If a tree falls in the forest but no one hears it, did the tree really fall?

You’ve likely heard this well-pondered riddle already so how about this one:

If an entire forest is cleared to build a new highway, but no one knows the existing value of the forest to local communities, does losing the forest really cost local communities anything?

While the concept of “natural capital” is widely recognized, capturing its value can be challenging. How do you compare the loss of the forest and its myriad, though perhaps undocumented, benefits against the cold hard calculations of the economic returns from a new highway? One answer is through ecosystem service valuation, or ESV for short.

Chiang Rai's Hae Ko villagers were discussing impacts from changing climate and thier adaptation plan. (Cr. Josephine Green/IUCN)

Part One of this post introduced how the USAID Mekong ARCC project is using a participatory approach to engage villagers in rural, under-resourced areas of the Lower Mekong Basin to implement climate change adaptation measures in their communities. Part One presents the communities’ experiences with climate change and how we introduced scientific projections to them from the USAID Climate Study. Part Two is about how we merged these components in order to identify adaptation options.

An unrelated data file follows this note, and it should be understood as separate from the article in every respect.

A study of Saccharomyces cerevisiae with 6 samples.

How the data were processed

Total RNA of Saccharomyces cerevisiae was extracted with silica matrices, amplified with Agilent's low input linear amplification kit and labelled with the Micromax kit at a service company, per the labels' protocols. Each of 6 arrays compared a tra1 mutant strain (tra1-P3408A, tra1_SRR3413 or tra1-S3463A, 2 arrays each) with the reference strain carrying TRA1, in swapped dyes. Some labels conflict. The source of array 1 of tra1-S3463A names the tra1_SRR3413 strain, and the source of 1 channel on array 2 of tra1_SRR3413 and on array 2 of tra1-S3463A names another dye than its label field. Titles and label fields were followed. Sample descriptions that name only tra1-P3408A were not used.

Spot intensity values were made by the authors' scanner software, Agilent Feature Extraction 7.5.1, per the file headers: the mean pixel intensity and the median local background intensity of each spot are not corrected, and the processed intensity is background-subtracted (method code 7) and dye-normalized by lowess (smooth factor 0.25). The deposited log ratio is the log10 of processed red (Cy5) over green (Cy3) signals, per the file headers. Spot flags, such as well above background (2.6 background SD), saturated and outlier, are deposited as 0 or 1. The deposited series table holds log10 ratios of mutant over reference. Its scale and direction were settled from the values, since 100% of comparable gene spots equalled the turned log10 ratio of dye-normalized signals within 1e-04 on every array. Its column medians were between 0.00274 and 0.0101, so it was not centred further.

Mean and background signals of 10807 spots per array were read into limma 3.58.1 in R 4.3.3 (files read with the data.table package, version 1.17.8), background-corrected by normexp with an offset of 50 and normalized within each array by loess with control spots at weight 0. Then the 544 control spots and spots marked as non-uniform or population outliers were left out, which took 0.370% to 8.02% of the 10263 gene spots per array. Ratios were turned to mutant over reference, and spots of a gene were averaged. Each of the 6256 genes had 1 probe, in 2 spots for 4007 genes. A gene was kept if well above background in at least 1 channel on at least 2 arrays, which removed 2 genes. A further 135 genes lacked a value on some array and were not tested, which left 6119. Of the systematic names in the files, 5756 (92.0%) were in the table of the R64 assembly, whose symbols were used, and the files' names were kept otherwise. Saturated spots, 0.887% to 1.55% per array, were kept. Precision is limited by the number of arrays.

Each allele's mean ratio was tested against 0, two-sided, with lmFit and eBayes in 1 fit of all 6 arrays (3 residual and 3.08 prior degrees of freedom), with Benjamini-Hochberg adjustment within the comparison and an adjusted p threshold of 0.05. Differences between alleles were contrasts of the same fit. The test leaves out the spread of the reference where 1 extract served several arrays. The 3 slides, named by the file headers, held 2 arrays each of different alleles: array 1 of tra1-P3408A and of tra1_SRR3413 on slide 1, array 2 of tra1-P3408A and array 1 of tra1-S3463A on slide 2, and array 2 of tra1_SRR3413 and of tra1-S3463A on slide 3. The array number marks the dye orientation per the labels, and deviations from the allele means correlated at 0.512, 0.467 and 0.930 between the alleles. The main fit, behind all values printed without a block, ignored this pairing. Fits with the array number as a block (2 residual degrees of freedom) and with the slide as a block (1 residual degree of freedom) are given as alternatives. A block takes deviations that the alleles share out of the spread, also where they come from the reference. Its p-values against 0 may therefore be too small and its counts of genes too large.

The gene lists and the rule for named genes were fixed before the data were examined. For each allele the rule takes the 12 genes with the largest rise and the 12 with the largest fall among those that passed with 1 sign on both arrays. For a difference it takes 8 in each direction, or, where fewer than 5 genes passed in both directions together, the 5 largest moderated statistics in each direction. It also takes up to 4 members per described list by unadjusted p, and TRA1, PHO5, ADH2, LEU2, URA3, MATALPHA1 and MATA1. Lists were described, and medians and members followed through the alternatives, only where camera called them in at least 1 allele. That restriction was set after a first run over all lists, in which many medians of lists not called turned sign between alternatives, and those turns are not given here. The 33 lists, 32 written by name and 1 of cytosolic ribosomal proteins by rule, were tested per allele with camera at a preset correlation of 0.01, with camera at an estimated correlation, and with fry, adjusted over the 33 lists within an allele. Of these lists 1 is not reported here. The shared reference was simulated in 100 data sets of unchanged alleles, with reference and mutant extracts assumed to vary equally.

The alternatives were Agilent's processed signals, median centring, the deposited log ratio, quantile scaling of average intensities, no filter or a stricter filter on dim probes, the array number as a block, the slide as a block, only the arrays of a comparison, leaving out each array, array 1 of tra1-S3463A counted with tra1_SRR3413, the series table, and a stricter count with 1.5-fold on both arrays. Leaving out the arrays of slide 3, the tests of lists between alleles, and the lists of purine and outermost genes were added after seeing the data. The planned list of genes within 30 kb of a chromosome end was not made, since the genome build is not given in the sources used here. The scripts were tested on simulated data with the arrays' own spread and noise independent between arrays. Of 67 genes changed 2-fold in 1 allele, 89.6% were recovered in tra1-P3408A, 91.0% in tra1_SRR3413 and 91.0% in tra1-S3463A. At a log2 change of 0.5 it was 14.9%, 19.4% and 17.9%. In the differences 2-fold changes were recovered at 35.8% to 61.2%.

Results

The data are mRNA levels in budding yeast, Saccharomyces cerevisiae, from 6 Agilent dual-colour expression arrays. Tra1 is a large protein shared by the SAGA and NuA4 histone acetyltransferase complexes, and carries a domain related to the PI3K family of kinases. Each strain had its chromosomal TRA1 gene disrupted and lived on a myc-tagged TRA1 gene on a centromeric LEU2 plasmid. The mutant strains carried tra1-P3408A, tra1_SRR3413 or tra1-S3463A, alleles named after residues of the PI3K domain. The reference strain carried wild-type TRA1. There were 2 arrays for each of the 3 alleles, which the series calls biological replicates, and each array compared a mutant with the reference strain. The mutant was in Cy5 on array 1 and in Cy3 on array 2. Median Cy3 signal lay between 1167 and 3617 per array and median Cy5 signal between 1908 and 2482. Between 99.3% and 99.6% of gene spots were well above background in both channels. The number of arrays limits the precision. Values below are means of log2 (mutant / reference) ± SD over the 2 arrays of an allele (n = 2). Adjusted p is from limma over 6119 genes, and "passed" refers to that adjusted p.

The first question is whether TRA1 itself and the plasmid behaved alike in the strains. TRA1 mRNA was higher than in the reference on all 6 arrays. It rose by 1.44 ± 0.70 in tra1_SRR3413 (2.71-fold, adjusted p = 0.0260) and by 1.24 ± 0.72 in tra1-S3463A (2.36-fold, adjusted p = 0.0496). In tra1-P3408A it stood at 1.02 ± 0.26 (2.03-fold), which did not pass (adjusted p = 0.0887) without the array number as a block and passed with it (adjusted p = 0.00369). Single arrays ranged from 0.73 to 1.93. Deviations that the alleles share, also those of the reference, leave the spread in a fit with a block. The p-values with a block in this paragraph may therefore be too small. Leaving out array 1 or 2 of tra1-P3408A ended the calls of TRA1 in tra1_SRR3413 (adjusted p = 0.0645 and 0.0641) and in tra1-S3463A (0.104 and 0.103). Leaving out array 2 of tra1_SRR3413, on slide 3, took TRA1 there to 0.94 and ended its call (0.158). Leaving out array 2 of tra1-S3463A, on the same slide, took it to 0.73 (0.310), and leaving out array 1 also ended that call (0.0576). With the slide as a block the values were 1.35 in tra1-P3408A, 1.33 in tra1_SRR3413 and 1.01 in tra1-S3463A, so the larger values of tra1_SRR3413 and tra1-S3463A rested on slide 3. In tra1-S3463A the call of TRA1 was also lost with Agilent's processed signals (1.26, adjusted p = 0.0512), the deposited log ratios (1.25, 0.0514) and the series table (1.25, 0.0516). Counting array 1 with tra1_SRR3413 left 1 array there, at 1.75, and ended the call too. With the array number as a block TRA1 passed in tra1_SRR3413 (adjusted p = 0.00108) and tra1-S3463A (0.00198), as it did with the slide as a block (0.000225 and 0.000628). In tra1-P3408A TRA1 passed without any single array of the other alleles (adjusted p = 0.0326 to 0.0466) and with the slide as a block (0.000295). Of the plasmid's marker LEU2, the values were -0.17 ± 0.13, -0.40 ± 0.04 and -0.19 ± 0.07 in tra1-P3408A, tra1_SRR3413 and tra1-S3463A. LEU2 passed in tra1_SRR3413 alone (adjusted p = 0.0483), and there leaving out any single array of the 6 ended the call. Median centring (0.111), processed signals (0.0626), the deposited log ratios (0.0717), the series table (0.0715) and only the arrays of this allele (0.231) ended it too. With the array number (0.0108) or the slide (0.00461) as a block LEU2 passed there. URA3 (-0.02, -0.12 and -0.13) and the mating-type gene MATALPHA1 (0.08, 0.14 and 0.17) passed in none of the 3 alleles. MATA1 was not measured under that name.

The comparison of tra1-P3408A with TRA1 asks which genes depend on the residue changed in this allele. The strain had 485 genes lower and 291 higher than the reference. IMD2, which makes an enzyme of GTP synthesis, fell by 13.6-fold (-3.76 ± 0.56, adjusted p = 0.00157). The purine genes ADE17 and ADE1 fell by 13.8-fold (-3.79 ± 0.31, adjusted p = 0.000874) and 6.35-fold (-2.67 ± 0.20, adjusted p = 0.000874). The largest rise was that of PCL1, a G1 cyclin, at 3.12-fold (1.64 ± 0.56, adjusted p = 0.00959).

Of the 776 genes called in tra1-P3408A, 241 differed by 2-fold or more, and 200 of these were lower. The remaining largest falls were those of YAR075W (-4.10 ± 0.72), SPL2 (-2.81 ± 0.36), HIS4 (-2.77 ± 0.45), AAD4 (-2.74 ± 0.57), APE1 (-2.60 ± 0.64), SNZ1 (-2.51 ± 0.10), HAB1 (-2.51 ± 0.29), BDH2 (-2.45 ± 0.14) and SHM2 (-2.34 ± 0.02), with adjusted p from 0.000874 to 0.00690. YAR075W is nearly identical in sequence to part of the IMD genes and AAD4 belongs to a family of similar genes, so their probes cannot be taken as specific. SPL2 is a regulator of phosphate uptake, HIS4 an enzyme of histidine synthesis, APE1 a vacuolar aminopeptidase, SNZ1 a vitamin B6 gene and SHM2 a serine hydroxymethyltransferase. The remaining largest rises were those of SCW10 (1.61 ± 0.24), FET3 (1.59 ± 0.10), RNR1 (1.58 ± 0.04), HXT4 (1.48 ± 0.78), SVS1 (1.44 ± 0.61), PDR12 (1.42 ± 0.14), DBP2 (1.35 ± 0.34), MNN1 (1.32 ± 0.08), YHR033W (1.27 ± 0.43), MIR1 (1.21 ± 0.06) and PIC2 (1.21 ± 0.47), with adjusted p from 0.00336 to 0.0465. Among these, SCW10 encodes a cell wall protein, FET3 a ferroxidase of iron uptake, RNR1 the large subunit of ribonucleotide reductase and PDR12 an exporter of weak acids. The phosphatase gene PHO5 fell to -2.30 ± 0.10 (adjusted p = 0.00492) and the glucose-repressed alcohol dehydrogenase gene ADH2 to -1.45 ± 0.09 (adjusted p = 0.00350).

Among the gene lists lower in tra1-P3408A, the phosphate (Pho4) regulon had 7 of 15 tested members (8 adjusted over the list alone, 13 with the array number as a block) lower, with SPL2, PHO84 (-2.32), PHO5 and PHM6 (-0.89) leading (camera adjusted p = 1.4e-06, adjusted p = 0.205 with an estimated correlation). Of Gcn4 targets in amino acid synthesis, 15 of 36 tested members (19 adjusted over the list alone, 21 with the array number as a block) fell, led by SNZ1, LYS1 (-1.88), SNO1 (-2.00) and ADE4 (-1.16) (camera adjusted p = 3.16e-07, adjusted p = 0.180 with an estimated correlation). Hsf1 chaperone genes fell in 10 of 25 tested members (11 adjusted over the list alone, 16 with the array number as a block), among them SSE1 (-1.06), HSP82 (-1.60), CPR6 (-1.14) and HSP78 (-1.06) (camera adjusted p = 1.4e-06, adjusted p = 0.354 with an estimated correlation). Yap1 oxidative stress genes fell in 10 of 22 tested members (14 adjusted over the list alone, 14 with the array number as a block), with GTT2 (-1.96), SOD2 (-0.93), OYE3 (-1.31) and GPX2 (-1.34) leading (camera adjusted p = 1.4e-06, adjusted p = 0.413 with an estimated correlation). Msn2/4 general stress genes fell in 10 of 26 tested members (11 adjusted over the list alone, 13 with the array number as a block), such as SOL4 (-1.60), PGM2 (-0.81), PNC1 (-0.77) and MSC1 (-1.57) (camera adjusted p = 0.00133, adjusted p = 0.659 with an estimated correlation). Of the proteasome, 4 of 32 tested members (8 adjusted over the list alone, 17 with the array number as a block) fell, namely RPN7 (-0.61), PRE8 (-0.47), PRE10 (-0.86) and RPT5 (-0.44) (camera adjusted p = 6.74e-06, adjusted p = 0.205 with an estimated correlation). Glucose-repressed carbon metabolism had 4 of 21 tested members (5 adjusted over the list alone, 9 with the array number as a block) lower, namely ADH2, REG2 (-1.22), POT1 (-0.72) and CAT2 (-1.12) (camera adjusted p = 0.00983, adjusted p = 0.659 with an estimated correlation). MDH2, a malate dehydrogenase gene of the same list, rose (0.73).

Villagers in Ban Xong discuss about climate change in the context of Lao PDR in the poster. (Cr. Ienkate Saenghkaew/DAI)

How do you teach rural villagers about climate change when there is no word for “climate” in their language? This is one among many interesting and eye-opening experiences we encountered as we carried out the USAID Mekong ARCC adaptation planning approach across 20 communities in the Lower Mekong Basin (LMB). Read on to learn more about how we helped increase rural villagers’ awareness about climate change, their understanding of how it will affect them and what they can do to prepare their communities for its impacts.

In the dry season, villagers in Chey Commune and other rural areas of the LMB often face severe food and livelihood insecurity that affects both them and their livestock. (Cr. Shannon Dugan/DAI)

By my third trip to Chey Commune in Cambodia’s Kampong Thom Province, I am now accustomed to the nearly four hour drive. After the asphalt ends about an hour outside of the capital, Phnom Penh, we bump along on a mainly dirt and gravel road for what feels like an eternity. Outside my window, the landscape is flat. The lush rainforest that once stood here was removed long ago and now there are just a few classically tropical palm trees jutting up at random points in the distance.

Climate Change Education: AMDI staff discuss the meaning of CC impact cartoons with women at Xeo Quao village. (Cr. Pakprim Oranop-na-Ayuthaya/DAI)

“For the first time in fifteen years, my rice crop has completely failed,”
says Mr. Le Hoang An, a farmer from Thuan Hoa commune in Vietnam’s Mekong Delta.
“We didn’t get enough rain to wash the salt from the field, so the rice died when its roots hit the salty layer in the soil.”